The use of buy-side representation and warranty insurance has steadily increased in the past few years in the United States, particularly for middle-market M&A transactions. While the use of such policies has become relatively well established in transactions involving private equity firms, these policies have also begun to grow in popularity among strategic buyers. In part, this is attributable to practical factors, including buyers’ increasing familiarity with the availability of buy-side insurance, a decrease in the associated costs and buyers’ growing confidence in their ability to successfully make claims against policies.
Benefits to Sellers. For a seller, buy-side insurance has the appeal of limiting such seller’s contingent liability for indemnity claims that may be made against it under a purchase agreement and reducing the amount of the purchase price that may be required to be held back from distribution or placed in an escrow account. Where the transaction involves multiple sellers with joint and several liability, buy-side insurance can also help any sellers that are perceived to have “deep pockets” mitigate the risk that they may be forced to bear a disproportionate amount of any claims made against the sellers as a whole.
Benefits to Buyers. For a buyer in an auction process, a buy-side policy can offer an opportunity to differentiate itself as a bidder. As competition for attractive deals increases, this has become more important for buyers. A policy can also be valuable where a buyer may have a concern about the ease of collecting, or the ability to collect, claims from the sellers. Moreover, when the sellers are also the management team, an insurance policy can help mitigate the concernthat a buyer may have in bringing a claim against its existing management team. In addition, insurance will often extend coverage for general representations and warranties past the period contemplated by the purchase agreement. The coverage under a policy can also, if needed, be assigned to affiliates, collaterally to lenders or to future buyers of all or part of the acquired business.
Impact on Timing. Both sellers and buyers have found that they can increase the speed with which transactions are signed or closed through the use of buy-side insurance. If the use of insurance is proposed and agreed earlier in the transaction process, it can significantly reduce the level of negotiation required for the representations and warranties and indemnification provisions of the purchase agreement. It may also provide the party proposing insurance with an opportunity to adjust the purchase price to its advantage.
Furthermore, insurance may offer a way to bridge the gap between buyer and seller later in a transaction, where the parties have found themselves unable to agree on the amount of the purchase price to be placed in escrow or the terms of indemnification of the buyer.
Impact on Process. Of course, obtaining an appropriate policy entails its own expenses and negotiations. The party proposing the use of insurance will need to retain a broker to solicit non-binding indications from carriers, which will set out the general proposed terms of coverage, including the premium, any retention amount and the policy limit. Once a carrier is selected, the carrier and the buyer will need to negotiate and enter into a non-disclosure agreement and non-reliance letter before the underwriting process can begin, which will generally consist of a high-level review of material transaction documents and the buyer’s due diligence process (including any legal, financial and tax due diligence reports).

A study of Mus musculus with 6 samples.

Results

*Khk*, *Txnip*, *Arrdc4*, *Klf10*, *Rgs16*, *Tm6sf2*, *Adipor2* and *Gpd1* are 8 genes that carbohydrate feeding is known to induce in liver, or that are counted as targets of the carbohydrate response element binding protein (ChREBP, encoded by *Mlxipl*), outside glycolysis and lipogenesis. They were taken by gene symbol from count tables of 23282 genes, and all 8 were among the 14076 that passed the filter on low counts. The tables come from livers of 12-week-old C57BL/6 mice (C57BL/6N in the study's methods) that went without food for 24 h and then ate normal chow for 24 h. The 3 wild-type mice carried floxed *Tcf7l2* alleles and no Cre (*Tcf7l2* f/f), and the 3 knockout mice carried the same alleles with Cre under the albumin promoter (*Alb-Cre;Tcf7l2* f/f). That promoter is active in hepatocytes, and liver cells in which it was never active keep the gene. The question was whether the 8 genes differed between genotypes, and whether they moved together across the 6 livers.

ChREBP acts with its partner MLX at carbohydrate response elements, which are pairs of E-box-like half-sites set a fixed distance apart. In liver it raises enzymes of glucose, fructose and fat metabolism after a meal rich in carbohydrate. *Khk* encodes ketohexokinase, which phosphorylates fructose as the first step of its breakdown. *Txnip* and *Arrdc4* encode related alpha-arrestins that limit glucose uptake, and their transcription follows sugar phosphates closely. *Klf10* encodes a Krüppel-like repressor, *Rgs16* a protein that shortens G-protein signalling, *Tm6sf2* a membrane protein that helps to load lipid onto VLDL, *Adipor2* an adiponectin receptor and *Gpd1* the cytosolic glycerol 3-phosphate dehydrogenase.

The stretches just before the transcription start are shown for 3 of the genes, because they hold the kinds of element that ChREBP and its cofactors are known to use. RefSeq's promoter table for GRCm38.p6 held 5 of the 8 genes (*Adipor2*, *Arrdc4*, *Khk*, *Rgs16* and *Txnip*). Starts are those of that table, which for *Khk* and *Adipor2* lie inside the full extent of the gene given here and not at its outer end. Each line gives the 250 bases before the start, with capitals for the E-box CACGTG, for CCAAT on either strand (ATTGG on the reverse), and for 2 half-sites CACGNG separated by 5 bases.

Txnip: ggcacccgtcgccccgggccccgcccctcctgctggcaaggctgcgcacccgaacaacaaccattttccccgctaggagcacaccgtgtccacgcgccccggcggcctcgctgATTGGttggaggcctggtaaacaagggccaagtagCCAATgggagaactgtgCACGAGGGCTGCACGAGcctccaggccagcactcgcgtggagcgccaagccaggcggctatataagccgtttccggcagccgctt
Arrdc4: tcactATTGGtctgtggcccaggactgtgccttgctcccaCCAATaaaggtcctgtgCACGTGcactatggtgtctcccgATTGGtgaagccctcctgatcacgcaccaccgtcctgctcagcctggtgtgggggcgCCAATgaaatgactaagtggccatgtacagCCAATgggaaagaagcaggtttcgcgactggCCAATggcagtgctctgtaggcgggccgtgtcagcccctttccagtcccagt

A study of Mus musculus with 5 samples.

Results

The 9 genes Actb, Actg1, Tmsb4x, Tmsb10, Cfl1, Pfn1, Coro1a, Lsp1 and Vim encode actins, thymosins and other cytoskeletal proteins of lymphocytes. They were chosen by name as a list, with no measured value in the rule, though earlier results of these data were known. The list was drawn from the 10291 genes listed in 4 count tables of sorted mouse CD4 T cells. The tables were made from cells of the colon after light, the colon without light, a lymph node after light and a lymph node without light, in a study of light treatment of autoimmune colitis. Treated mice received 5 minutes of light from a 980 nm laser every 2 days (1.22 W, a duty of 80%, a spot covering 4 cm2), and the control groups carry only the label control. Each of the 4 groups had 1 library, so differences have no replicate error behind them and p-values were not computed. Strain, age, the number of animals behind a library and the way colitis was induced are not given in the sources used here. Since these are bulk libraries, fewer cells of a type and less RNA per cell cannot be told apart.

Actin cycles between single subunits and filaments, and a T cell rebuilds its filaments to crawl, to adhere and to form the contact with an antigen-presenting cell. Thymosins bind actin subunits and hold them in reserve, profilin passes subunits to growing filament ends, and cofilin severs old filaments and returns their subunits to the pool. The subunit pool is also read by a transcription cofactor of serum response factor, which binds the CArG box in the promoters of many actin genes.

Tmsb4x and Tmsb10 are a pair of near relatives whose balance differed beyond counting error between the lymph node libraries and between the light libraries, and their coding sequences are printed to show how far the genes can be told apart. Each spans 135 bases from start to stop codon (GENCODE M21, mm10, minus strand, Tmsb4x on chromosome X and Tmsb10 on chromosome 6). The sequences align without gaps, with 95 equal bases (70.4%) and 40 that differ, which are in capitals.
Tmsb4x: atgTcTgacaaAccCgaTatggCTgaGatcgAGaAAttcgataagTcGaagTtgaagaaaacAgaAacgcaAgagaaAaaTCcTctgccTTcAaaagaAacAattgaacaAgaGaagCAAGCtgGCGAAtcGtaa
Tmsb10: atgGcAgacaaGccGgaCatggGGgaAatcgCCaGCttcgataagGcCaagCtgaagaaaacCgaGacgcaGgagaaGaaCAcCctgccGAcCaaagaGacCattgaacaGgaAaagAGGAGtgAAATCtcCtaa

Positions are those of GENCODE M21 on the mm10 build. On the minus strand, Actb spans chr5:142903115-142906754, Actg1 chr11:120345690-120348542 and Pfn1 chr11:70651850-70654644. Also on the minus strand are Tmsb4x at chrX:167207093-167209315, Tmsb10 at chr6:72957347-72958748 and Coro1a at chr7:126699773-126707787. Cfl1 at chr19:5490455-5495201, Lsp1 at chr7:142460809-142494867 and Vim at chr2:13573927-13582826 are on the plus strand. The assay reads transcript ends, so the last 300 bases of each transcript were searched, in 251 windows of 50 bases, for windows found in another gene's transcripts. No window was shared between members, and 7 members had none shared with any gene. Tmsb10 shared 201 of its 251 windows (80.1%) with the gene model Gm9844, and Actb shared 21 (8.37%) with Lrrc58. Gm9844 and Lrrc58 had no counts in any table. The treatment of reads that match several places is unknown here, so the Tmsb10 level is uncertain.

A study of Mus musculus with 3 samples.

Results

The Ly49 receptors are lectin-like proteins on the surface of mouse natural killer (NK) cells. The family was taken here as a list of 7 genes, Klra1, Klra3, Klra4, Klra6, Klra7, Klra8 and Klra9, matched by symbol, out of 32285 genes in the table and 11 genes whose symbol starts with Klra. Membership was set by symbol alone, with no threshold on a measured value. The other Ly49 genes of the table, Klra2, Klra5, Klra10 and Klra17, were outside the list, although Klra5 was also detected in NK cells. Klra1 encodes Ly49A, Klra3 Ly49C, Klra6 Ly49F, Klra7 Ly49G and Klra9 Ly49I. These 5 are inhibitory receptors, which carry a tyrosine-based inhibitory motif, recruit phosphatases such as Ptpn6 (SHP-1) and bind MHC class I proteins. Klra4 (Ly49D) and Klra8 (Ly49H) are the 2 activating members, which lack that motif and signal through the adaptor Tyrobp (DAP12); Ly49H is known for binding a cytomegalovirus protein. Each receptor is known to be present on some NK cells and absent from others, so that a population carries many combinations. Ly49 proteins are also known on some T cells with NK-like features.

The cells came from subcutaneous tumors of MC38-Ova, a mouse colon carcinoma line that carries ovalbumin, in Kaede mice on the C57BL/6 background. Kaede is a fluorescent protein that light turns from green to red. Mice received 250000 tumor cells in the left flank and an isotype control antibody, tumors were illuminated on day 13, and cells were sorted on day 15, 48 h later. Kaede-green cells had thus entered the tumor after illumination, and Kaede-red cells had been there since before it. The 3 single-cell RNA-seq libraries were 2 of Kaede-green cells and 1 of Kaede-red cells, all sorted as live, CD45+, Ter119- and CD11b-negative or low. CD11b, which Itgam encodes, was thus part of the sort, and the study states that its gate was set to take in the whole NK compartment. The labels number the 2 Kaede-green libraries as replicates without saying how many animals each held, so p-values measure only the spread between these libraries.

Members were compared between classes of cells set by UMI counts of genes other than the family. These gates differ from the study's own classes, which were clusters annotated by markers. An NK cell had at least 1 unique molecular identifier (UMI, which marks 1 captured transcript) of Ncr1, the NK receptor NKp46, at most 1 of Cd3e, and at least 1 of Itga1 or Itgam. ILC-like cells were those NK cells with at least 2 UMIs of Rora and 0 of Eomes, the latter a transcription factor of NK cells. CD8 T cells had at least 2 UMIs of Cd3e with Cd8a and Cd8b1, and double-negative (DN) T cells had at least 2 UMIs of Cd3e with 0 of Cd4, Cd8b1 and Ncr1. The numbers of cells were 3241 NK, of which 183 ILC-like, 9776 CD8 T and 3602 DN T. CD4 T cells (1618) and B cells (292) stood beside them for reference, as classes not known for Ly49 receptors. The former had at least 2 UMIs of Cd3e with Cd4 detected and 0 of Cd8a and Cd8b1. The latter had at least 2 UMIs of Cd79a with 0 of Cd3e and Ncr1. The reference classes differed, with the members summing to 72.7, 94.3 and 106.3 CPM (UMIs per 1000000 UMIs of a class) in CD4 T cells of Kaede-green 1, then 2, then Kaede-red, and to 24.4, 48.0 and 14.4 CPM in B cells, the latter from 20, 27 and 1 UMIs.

Negotiation of Insurance Policy. Once the buyer has received a draft of the policy, it will need to carefully review its terms, including any matters that are excluded from coverage, in order to ensure that it is sufficiently protected against future losses. Often, the policy will exclude coverage for any losses arising from pension withdrawals or underfunding, certain regulatory, tax and environmental issues, and industry-specific matters. The policy will also not generally cover any issues actually known to the buyer’s deal team at the time the policy was issued, including issues identified in any due diligence reports prepared by advisors or disclosure schedules.
Where there is a delay between signing the purchase agreement and closing the transaction, the parties will also need to determine whether and how any new issues arising during this period will be addressed by the policy. Other matters tied to indemnification, such as post-closing purchase price adjustments or losses arising from breaches of covenants, will also not be covered by a representation and warranty insurance policy. In addition, the buyer may wish to negotiate for indemnification for certain material items, such as fundamental representations, in excess of the policy limit. The parties will need to agree as to how these matters will be addressed—whether through a specific indemnification provision under the purchase agreement, supplemental insurance policies and/or purchase price adjustments.
Underwriting Fees and Premium. Finally, the buyer and seller(s) will need to decide who will be responsible for the underwriting fee and the premium of the insurance policy, as well as any amount of the purchase price that will be placed in escrow to mitigate the retention amount under the policy and, if so, the terms of any separate deductible or threshold applicable to indemnification claims made against the escrowed funds.
Buy-side representations and warranties policies offer another tool for buyers and sellers to use in coming to a mutually agreeable transaction structure. There are benefits for both buyers and sellers in obtaining insurance and we are seeing more deals where representations and warranties insurance becomes a key factor in the negotiations between the parties.